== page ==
HYD300 Hydroclimatology (8)

This subject aims at understanding natural hydroclimatological variability through the analysis of past records of environmental change. It introduces the contemporary (present day) processes controlling the behaviour of water in the atmosphere and at the Earth's surface, and draws students' attention to potential future challenges in hydroclimatology resulting from increasing human impact upon the atmosphere-land-water system. This subject will address these issues using hypothetical and 'real-life' examples within lectures.

Subject Outlines
Current CSU students can view Subject Outlines for recent sessions. Please note that Subject Outlines and assessment tasks are updated each session.

No offerings have been identified for this subject in 2018.

Where differences exist between the Handbook and the SAL, the SAL should be taken as containing the correct subject offering details.

Subject Information

Grading System



One session


School of Environmental Sciences



Learning Outcomes

Upon successful completion of this subject, students should:
  • Be able to describe the underlying links between climate variability and water resources;
  • Be able to describe and explain natural hydroclimatological variability at a variety of spatial scales;
  • Be able to describe the methods used to reconstruct records of past hydroclimatological change;
  • Be able to explain the fundamental concepts and methods used in both the climatic and hydrological sciences;
  • Be able to show knowledge of stateoftheart technology and instrumentation including weather radars and satellites for realtime measurement of meteorological and climatic paramaters;
  • Be able to demonstrate understanding of causes and effects of atmospheric and ocean circulations;
  • Be able to discuss the interactions among ocean/atmospheric circulation and hydrological processes like precipitation, evaporation, interception, soil moisture, snow, stream flow, etc;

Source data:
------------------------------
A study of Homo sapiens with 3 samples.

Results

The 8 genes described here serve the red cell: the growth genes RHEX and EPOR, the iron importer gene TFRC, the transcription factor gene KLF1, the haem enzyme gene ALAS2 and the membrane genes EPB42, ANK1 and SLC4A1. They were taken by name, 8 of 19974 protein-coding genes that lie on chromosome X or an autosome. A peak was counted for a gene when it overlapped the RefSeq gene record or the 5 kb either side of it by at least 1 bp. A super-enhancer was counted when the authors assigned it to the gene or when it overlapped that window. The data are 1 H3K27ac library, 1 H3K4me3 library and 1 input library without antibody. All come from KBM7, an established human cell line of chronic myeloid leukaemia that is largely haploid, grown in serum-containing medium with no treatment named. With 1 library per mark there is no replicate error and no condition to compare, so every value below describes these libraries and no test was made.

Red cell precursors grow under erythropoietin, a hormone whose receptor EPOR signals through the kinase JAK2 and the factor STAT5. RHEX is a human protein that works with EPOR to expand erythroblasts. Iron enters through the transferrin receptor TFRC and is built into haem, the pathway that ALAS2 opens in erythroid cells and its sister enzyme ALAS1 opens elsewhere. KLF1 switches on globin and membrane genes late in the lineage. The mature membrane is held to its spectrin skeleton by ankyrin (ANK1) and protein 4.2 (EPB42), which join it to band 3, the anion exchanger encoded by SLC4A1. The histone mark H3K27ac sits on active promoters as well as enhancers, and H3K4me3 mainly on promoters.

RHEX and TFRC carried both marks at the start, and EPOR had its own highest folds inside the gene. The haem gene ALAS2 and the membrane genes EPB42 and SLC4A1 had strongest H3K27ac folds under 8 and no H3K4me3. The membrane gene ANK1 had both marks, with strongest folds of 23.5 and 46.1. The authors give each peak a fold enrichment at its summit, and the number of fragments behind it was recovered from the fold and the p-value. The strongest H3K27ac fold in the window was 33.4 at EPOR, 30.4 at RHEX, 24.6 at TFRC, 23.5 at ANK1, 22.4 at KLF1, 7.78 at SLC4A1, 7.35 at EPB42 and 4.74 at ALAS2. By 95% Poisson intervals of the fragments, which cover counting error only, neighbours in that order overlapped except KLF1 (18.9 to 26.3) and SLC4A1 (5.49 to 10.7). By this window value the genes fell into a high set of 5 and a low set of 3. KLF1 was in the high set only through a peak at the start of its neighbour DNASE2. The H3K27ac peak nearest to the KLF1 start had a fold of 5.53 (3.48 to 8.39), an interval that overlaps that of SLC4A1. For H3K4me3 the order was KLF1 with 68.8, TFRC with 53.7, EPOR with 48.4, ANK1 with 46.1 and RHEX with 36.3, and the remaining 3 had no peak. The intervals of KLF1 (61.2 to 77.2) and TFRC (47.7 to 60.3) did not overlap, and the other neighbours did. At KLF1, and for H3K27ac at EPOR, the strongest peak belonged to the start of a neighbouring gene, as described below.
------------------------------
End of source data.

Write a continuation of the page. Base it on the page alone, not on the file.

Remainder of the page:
• Be able to explain climate change and climate variability;
  • Be able to demonstrate understanding of climate indicators, hydroclimatic models and sources of global climate data;
  • Be able to discuss the 'contemporary' challenges in hydroclimatology resulting from increasing human impact upon processes within the hydrological cycle.


This subject will cover the following topics:

Introduction to hydroclimatology and scope of the subject; Advanced aspects of global and Australian climate; Global heat balance and water balance; Stefan-Boltzmann law of radiation; Significance of radiation and atmospheric moisture in formation of weather systems and climate; Ralationships among temperature, humidity, vapour pressure and elevations; Advanced techniques for measurement of spatial and temporal variability of rainfall patterns; Atmospheric and ocean circulations, trade-winds and their implications; Implications of climate change and climate variability; Instrumentation for measurement (both online and offline) of meteorological and climatic parameters; Sources of climate data collation and retrieval; Climate variability indices and their significance and application; Global circulation models and climate prediction; Weather forecast and synoptic charts; Global warming and sea level rise; Hydroclimatic aspects of water virtual trading; Energy balance at farm level; Case studies and field examples related to the climate and water resources.

Residential School

This subject contains a 3 day Compulsory Residential School.Laboratory and fieldwork.


Current Students

For any enquiries about subject selection or course structure please contact Student Central or ask@csu.edu.au or phone on 1800 275 278.

Prospective Students

For further information about Charles Sturt University, or this course offering, please contact info.csu on 1800 275 278 (free call within Australia) or enquire online.

The information contained in the 2018 CSU Handbook was accurate at the date of publication: August 2018. The University reserves the right to vary the information at any time without notice.